Chapter 14


“This place is almost as over the top as the Center,” Braeden said under his breath, his nose wrinkling.

Sam turned to Braeden in surprise. Castle Haywood, over the top? All she could see were the off-kilter curtain rods and the dull hardwood floors in desperate need of a good polish. It must have been different viewing Haywood through an outsider’s eyes.

“Have you been inside Castle Haywood before, Sam?” Tristan asked. He tugged at the formal hunter green doublet he must have packed just for this occasion and smoothed out an imaginary wrinkle.

“Aye, once or twice,” she said, pretending fascination with a nearby painting. She blinked as the painting came into focus. It was a watercolor of a lilac, one she’d painted herself five years ago. The duke must have moved it from her bedroom after she left. She swallowed down a lump that had formed at the back of her throat. Now was not the time to get sentimental.

Sam felt a warm hand on her shoulder. “Are you alright?” Braeden asked quietly.

 “I’m fine,” she said with more surety than she felt, turning around to face him. She tried to smile, but the scabs on her lips stretched painfully and her attempt turned into more of a grimace.

“You still look like you, you know,” Braeden said, his expression unreadable beneath the low brim of his new hat.

“He won’t recognize me, I’m sure of it,” she said. Her eyes darted back to the lilac watercolor.

“I’ve heard he’s clever, the Duke of Haywood,” said Braeden.

“He is clever. Just not…observant.”


“Come on, Tristan’s going to think we’re conspiring against him if we keep to the corner like this.” Sam moved to join Tristan in the center of the room.

Braeden grabbed her wrist, halting her in her tracks. “I can help you, if you’ll let me. If something happens.”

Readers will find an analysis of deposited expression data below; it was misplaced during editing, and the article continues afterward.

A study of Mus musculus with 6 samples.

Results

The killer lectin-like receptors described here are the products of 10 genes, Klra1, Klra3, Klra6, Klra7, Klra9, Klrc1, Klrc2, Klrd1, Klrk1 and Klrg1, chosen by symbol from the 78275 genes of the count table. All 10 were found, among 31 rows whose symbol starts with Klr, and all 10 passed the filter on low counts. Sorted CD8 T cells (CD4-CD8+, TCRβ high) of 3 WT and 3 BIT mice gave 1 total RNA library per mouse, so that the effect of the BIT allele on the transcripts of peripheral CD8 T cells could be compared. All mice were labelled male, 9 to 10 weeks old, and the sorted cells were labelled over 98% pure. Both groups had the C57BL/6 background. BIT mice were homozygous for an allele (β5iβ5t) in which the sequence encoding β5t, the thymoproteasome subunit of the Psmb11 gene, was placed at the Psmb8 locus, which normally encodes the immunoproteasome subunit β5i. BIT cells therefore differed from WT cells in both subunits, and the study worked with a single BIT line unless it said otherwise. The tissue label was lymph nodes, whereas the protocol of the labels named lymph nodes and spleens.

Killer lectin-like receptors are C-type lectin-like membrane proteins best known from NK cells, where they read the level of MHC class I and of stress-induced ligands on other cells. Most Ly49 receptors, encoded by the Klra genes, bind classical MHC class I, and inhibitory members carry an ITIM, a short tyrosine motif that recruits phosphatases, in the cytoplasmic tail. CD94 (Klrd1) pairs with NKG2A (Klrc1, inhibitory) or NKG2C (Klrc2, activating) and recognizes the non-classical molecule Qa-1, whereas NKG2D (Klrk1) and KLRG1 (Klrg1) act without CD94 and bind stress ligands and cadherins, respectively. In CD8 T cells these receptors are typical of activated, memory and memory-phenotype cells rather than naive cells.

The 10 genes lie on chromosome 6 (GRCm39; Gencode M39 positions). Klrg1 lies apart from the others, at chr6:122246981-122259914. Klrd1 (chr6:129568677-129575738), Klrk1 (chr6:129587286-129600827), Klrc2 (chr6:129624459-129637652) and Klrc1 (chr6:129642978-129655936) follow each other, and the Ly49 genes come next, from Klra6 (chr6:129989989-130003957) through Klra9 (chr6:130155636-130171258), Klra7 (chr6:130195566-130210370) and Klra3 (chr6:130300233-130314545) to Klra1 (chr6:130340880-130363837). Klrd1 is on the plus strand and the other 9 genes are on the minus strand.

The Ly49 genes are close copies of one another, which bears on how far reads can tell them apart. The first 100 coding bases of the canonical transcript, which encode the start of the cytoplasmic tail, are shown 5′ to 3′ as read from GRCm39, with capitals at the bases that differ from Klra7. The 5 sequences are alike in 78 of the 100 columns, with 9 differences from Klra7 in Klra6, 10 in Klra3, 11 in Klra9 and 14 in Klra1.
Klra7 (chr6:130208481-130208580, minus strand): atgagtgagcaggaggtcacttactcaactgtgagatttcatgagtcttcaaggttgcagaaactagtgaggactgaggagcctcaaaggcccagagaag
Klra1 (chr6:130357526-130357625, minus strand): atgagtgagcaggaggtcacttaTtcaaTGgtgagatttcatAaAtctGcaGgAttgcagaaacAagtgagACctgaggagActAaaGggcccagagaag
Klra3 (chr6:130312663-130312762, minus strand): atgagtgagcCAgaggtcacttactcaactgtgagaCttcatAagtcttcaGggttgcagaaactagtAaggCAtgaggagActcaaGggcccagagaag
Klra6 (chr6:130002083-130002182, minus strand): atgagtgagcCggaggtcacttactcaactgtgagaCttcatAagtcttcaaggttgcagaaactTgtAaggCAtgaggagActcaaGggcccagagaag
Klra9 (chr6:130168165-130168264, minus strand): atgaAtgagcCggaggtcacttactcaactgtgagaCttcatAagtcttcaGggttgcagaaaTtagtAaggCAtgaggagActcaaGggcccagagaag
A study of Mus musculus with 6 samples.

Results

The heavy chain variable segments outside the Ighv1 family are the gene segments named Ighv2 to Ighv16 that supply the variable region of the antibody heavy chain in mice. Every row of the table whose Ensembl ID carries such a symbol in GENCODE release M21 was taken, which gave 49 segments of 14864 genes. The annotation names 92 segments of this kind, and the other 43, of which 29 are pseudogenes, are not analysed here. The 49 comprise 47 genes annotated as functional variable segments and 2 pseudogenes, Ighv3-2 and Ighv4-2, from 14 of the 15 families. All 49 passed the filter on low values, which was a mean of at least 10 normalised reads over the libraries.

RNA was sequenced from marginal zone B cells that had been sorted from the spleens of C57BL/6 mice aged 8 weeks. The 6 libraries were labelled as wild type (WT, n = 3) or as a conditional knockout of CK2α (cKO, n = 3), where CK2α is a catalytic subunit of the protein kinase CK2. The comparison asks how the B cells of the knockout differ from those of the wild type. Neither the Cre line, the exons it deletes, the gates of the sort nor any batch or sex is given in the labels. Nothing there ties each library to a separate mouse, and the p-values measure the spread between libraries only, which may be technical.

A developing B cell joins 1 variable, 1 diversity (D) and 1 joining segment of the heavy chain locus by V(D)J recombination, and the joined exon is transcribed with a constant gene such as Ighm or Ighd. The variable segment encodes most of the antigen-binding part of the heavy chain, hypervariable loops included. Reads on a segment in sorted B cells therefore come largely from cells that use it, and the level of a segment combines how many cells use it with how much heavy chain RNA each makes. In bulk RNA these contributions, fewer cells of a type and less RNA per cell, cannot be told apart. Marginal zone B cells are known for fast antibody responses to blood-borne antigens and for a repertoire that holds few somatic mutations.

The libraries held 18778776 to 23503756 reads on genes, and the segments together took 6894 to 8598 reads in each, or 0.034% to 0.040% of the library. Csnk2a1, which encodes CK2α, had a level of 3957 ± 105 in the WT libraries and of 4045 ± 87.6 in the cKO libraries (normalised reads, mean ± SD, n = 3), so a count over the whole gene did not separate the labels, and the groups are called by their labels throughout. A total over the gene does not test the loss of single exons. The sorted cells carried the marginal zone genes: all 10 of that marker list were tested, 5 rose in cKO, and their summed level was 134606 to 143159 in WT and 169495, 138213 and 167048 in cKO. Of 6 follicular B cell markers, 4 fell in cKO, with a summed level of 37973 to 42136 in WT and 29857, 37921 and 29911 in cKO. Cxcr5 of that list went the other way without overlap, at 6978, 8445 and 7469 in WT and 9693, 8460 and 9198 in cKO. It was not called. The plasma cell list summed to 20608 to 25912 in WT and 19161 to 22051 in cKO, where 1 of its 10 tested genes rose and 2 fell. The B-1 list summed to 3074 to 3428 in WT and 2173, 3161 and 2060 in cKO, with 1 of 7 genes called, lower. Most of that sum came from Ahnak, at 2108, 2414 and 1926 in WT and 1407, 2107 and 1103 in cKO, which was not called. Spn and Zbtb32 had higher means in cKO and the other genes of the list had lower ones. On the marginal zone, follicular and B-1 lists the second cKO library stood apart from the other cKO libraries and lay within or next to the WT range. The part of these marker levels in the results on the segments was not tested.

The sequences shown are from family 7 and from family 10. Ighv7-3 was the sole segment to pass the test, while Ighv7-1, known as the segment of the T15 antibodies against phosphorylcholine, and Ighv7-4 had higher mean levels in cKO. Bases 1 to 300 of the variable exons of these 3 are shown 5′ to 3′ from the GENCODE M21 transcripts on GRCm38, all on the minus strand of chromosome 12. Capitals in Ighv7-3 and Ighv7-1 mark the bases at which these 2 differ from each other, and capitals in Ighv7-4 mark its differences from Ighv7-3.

Sam laughed mirthlessly. “If the duke recognizes me, it’s over. Trust me on that.”

“I can help,” Braeden insisted, his grip on her wrist tightening. “I can make him forget you’re even in the room.”

Sam raised her hand to touch Braeden’s cheek, but stopped halfway when she felt Tristan’s eyes on them. “You’re a good friend, Braeden,” she said, letting her hand drop to her side.

Two circles of red bloomed beneath his high cheekbones. “We’re friends?”

“Aren’t we?”

Braeden’s lips curved into a rare smile. “Friends,” he agreed.

Sam felt something shift between them, but a new voice, once she hadn’t heard in months, interrupted her thoughts before she had the chance to think too deeply on it.

“Paladin Lyons, Masters Braeden and Sam,” the voice called with an affected accent – Gillain, her father’s steward. Now there was one person she hadn’t missed, and no doubt the feeling was mutual. Gillain was a pompous, arrogant man who lorded his stewardship over the other servants with a misplaced sense of entitlement. Some of the servants were Sam’s friends, and she’d borne witness to more than one of Gillain’s infamous set downs. She was also convinced that his dignified accent was fake.